Daily Video

June 11, 2020

Philonise Floyd testifies before Congress day after brother’s funeral


Directions: Read the news summary, watch the video and answer the discussion questions. This video has been edited for length. To watch the video in its entirety or read the transcript, click here. 

Summary: Philonise Floyd, George Floyd’s younger brother, headlined a June 10 hearing before the House Judiciary Committee, which is working on a bill to address police violence and racism. The hearing took place a day after George Floyd’s funeral in Houston, which was attended by thousands. In the two weeks since Floyd’s killing by Minneapolis police officer Derek Chauvin, nationwide protests have led to a slate of national and local policy proposals as well as signs of cultural change.

Discussion questions:

  1. Essential question: How has American society been transformed in the weeks between George Floyd’s death and his memorial service? What changes, either in policy or culture, do you think are most important?
  2. How are public testimonials such as that of Philonise Floyd important for shaping legislation? What about their importance in shaping public opinion?
  3. Do you think the most effective policies can be made at the Federal level, the local level or through direct action by American citizens?
  4. Media literacy: In her testimony, Angela Underwood Jacobs wondered “where is the outrage” over the death of her brother, Patrick Underwood, who was shot and killed in Oakland last month while working as a Federal officer during protests. Why do you think Underwood’s story has not been as prominent in national news?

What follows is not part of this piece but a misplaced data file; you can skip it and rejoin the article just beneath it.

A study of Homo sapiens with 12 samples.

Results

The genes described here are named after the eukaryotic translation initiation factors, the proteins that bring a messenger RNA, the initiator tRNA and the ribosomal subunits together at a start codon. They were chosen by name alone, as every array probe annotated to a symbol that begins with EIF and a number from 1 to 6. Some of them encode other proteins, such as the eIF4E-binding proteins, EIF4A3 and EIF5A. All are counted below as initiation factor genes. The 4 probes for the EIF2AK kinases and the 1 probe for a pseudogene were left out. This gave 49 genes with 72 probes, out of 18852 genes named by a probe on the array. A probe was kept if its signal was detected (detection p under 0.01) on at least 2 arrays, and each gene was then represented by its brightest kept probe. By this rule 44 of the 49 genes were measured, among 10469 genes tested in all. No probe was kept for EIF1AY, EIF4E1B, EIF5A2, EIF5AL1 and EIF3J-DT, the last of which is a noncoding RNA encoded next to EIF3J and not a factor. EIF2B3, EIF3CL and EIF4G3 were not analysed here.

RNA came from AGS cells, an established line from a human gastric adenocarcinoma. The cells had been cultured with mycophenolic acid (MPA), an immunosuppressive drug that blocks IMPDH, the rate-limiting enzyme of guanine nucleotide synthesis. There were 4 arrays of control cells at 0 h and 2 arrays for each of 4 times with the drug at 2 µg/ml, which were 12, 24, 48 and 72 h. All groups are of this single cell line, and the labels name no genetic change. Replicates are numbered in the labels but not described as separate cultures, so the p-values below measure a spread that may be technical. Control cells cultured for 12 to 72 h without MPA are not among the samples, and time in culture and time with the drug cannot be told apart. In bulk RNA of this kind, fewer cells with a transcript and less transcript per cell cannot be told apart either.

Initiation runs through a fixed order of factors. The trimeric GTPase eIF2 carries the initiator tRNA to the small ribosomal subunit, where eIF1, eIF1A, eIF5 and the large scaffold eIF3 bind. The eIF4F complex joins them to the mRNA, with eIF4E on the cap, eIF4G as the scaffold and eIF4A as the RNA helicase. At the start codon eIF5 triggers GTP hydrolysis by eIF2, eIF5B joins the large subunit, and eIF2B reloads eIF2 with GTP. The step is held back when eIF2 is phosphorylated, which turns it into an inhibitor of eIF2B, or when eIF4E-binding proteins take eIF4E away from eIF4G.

If there is time: Have students review this EXTRA Daily News Story from May 29, four days after Chauvin killed Floyd. What expectations of some of the interviewees have been met in the past two weeks? What expectations have not yet been met?

Extension activity: 

Floyd’s memorial service on June 4 included eulogies by family as well as prominent political figures such as Reverend Al Sharpton. Have your students watch this eulogy by Rev. Sharpton in which he says, “this is a different time and a different season,” suggesting this push for civil rights reform may produce change in ways past demonstrations were not able to achieve.

Ask your students: Does this seem like a “different time and different season” than past protests over racial injustice or police violence? If so, why? 

To help put this moment in historical context, you may want to share this lesson plan about civil disobedience and civil rights in the US.